Third Eye OSINT publishes enlightened commentary on geopolitics. The articles will always reflect a pro-American viewpoint, because the author is a loyal citizen of the United States of America. This blog is a wholly-owned project of Alfidi Capital.
Tensions in the Persian Gulf are slightly higher than normal at the moment. The U.S. military withdrawal from Iraq is complete and nature abhors a vacuum. Iran's naval exercises are an effort to buttress the regional influence it has gained in Iraq.
The CNN news item linked above about the Strait threat briefly mentions the relative percentage of GDP the U.S. and Iran commit to their military budgets. That is an amateurish analysis. Relative force arrays and capabilities each side brings to bear in the Strait of Hormuz are much more relevant. Iran's navy cannot match a U.S. naval carrier battle group in a direct confrontation. The last direct U.S.-Iranian naval encounter, Operation Praying Mantis, was a limited engagement but ended in a lopsided victory for the U.S. Iran would thus need to rely upon standoff weapon systems in any effort to neutralize U.S. warships. Iran may possess some number of Sunburn anti-ship missiles or other similar systems. It would thus be imperative for U.S. national reconnaissance efforts to locate all of Iran's potential missile launch platforms and designate them as preplanned targets prior to hostilities. The U.S. has outstanding ISR capabilities; Iran's comparable ISR is questionable, with or without a purloined RQ-170.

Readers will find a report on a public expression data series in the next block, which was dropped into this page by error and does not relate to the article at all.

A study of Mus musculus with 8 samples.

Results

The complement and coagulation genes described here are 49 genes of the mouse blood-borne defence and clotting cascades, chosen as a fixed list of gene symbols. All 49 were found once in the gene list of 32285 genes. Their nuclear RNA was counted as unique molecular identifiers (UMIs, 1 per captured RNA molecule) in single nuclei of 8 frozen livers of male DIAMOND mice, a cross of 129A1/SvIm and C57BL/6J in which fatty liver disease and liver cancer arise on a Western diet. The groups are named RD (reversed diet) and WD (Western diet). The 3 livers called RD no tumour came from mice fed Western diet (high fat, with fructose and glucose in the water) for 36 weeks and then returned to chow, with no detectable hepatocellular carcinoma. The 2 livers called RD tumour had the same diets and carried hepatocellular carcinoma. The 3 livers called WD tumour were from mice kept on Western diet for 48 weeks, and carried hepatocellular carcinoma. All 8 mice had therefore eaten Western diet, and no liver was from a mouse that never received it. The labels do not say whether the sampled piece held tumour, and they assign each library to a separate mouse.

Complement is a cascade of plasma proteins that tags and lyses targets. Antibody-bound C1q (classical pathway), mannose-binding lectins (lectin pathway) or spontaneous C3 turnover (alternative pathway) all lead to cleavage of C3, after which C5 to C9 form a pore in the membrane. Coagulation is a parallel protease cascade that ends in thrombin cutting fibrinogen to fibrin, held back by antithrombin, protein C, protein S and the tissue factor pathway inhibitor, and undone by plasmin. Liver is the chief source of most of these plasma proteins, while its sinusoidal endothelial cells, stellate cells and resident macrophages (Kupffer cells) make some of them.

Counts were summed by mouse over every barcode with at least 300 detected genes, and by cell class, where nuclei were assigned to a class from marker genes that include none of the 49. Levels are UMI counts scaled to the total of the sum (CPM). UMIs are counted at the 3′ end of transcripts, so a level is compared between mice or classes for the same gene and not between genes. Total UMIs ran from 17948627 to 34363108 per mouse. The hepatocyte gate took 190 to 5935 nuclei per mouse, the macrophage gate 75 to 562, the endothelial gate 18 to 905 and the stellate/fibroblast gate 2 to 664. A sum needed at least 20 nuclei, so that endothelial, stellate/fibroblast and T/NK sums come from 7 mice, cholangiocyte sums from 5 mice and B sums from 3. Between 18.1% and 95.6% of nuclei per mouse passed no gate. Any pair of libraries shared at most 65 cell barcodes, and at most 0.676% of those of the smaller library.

The U.S. is a responsible world actor. Its Navy is professional enough to monitor Iran's declared military exercises from international waters without provoking a reaction. Iran is not nearly as mature. Any miscalculation that risks open hostilities is much more likely from Iran, given its economic deprivation and relative weakness, than from the U.S.